Community centre bid for Caerphilly miners' hospital
A campaign has been launched in Caerphilly to raise money from local residents to turn part of the town's former miners' hospital into a community centre.
Campaigners say they need over £1m to buy its main building, the Beeches.
So far, £370,000 has been raised towards the expected purchase price.
On Saturday Falklands veteran Simon Weston, who was born there, released 250 balloons - one for every 100 babies born at the hospital.
'Benefit, mutuality and collaboration'
Katherine Hughes, secretary of Caerphilly Miners Centre for the Community and leader of the campaign, said there was strong local support for the idea.
"The building will basically be run as a social enterprise, supporting the wellbeing of the whole community," she said.
"Defined broadly the ground floor will be used for education and learning, the first floor for health and wellbeing and the top floor for social enterprises."
She added: "We want to give people the opportunity to learn from each other - one of our ideas is to work with schools in establishing a homework club to help parents who don't have access to the internet.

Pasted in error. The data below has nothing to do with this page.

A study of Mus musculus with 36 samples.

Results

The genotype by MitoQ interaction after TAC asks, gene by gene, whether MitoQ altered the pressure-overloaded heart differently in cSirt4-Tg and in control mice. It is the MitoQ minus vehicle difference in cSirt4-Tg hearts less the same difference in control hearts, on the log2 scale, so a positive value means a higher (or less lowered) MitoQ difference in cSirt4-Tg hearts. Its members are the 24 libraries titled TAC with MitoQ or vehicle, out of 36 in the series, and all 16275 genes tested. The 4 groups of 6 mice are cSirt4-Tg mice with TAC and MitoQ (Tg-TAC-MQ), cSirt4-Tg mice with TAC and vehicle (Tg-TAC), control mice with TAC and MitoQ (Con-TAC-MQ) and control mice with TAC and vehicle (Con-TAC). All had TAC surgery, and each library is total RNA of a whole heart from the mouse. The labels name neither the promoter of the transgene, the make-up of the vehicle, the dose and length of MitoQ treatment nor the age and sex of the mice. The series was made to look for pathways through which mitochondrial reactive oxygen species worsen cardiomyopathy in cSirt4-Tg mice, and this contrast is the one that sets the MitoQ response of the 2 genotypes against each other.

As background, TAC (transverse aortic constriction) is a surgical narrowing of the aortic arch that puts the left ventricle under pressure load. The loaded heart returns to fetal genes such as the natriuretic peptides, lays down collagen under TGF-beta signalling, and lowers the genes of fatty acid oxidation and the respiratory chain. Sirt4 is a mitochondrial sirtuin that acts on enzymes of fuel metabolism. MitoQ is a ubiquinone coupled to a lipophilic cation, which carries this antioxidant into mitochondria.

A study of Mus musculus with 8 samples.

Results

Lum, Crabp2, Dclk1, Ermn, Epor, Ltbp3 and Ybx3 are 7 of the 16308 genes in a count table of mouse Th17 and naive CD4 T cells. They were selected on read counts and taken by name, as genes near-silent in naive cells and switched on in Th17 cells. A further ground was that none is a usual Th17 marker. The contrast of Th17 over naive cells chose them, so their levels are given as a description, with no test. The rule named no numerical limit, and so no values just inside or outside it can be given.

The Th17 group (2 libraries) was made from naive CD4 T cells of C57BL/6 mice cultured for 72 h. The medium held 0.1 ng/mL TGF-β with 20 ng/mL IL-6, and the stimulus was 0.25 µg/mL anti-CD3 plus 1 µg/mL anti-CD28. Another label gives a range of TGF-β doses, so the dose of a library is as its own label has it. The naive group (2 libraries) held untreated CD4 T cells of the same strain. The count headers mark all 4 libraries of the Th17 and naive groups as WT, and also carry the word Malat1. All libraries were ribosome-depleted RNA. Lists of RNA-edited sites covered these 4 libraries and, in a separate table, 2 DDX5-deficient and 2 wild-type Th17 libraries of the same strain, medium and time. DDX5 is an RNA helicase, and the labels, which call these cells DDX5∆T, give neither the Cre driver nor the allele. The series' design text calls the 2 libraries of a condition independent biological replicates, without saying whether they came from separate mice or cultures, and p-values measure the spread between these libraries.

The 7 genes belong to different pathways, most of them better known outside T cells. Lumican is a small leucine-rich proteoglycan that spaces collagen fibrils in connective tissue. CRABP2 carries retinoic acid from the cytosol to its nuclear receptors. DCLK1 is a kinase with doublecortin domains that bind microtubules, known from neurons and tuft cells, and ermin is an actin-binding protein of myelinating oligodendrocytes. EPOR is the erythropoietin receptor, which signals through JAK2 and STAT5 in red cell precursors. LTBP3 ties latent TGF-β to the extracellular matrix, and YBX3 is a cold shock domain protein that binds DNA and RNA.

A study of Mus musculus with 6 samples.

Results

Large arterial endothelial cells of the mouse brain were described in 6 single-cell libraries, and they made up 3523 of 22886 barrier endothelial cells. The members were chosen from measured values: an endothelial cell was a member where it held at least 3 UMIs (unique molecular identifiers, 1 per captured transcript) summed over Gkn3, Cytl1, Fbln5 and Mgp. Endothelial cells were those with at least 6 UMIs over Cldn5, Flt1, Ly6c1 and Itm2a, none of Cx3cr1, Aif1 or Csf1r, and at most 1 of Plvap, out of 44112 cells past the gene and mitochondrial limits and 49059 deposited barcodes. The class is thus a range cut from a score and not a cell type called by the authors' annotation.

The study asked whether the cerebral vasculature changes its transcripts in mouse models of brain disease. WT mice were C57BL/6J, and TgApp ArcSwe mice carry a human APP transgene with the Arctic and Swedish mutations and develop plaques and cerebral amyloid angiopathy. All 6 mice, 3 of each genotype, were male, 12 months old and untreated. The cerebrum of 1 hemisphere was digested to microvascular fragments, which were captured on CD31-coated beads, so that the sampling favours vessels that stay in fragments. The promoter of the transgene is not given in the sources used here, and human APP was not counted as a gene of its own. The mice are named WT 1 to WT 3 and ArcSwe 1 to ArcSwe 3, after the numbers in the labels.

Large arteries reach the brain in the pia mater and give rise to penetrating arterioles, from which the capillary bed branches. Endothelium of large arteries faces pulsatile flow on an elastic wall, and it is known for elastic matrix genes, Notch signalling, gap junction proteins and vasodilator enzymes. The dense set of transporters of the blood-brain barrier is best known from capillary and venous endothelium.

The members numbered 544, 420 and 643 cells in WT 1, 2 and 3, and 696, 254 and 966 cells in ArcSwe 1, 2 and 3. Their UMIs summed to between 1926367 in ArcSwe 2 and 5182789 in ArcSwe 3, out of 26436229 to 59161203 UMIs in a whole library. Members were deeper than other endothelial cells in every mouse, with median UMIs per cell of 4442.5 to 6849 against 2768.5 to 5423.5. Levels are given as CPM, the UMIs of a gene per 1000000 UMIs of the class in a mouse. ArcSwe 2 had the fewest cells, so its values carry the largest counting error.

"Something else we're keen on is seeing young people teaching older people, for example they could show them how to use a computer.
"This is all about recycling talent - sustainability through recycling energy.
"We want to give young people and older people a chance to give something back to the community - this is about benefit, mutuality and collaboration."
Originally a mansion owned by a mining company, local colliers launched a fund to buy the building and turn it into a hospital.
They gave six old pence (2.5p) from their weekly wage of 12 shillings and six pence (62.5p) towards the fund.
The historic contribution - said to be equivalent to £8 a week today - was the inspiration behind the naming of the Miners 8 fundraising campaign.
Caerphilly District Miners Hospital opened in 1923 and served the community's health needs for nearly 90 years until its closure in November 2011.
The site is now being redeveloped, mostly for housing.
Ms Hughes estimated that they will have to raise between £1.15m and £1.2m to purchase the building.
"We've put in a lot of time and persistence but we won't give up. We've done the hardest bit - the first third is the hardest.
"As we've gone along more people recognised that we mean business and look at us - we're still around.
"There have been a few obstacles along the way but we're still here."